Ask; don’t stare

Curious about a disability? Asking questions is preferred.

Fifteen-month-old Kinsley Pruitt was born prematurely with major health issues. For the most part, she appears to be like most other toddlers — learning to walk and explore the world around her — except she has a G-tube. This is a tube that comes out of her abdomen and allows her to be fed directly into her stomach.

Because of the G-tube and other health issues she encountered as an infant, she doesn’t suck a pacifier or eat with a bottle — things many adults associate with soothing a child. Kinsley’s mother, Shelly, endures stares and negative comments when Kinsley is fussy and not able to be soothed in these ways. She has found that people will judge rather than learn.

“I would rather people ask questions,” Shelly said. “So many people have stared and looked at us. They can do that, but I wish I could explain what I’m doing and why.”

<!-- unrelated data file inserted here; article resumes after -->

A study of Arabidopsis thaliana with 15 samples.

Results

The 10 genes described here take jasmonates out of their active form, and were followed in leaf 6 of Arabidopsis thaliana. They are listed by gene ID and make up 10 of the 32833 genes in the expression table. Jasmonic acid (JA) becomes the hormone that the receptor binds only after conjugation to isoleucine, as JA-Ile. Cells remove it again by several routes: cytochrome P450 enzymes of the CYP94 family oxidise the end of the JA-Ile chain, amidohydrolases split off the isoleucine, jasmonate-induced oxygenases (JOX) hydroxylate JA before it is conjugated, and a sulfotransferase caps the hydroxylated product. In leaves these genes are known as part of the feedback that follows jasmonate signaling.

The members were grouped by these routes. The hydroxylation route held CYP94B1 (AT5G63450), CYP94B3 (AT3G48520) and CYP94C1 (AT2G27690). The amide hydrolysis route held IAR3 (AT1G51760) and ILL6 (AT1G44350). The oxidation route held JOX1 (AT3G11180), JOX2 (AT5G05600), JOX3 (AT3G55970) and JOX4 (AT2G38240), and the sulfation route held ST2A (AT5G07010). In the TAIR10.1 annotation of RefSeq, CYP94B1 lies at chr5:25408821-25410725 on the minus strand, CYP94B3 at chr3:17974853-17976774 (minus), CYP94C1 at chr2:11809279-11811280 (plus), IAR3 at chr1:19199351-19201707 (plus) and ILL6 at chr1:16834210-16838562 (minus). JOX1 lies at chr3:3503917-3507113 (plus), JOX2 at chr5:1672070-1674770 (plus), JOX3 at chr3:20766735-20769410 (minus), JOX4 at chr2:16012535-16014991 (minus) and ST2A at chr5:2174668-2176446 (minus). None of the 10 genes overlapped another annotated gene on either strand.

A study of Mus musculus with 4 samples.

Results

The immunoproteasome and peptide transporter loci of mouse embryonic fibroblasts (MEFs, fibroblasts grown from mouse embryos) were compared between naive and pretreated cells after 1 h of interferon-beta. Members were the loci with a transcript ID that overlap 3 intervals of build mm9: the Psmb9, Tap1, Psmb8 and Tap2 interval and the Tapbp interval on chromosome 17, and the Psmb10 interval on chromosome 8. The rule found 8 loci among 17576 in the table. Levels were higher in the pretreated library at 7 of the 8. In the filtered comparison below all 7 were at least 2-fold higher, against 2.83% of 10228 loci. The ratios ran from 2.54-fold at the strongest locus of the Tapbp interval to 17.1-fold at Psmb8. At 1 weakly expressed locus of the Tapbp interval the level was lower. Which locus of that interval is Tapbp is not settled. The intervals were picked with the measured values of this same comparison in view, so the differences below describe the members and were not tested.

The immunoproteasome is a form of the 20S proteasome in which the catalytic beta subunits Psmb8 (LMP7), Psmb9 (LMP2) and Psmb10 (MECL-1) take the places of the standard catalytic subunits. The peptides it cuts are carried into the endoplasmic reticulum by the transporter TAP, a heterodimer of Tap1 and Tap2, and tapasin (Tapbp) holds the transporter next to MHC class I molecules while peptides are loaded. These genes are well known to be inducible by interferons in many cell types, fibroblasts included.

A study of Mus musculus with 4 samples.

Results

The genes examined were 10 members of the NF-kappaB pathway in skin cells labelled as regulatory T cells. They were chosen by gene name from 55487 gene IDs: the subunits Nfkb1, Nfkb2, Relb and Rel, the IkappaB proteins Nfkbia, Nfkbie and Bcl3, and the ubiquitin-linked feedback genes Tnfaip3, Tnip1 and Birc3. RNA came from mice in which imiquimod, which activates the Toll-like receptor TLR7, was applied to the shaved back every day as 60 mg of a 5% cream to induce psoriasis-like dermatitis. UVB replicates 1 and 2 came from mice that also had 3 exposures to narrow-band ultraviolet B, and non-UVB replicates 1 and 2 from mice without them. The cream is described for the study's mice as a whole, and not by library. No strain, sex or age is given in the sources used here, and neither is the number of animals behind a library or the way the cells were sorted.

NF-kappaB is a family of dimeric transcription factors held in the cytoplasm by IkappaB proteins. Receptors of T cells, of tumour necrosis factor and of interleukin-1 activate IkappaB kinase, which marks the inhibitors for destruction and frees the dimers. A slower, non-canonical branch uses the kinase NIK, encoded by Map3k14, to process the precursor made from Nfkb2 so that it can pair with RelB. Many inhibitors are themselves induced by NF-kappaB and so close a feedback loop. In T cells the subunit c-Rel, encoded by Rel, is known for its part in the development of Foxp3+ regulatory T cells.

She says adults could take a lesson from kids: Children tend to understand differences better than adults because they’re willing to. They want to learn.

Shelly recommends some questions that might help start a conversation with someone with a disability:
•I’m curious about what you’re doing. Are you comfortable telling me or would you rather not?
•Can I ask what you’re doing?
•Could you explain what you’re doing?

It can be difficult to start the conversation, but asking questions — rather than judging or staring — is at the foundation of having compassion. By asking permission or asking in a nonjudgmental way, you are being respectful and accepting as you broaden your own knowledge about the unique challenges faced by others.

And when we have compassion for others, we cultivate happiness in ourselves and in those around us. We feel more a part of a community and we create a kinder place to live.

For Shelly, coping with Kinsley’s medical issues is enough of a challenge. Kindness and understanding goes a long way in easing her stress.

“As a parent, I know that I have to find the positive in everything,” she said. “There was a time I didn’t think I’d see past day two. But now Kinsley’s doing great and moving in the right direction.”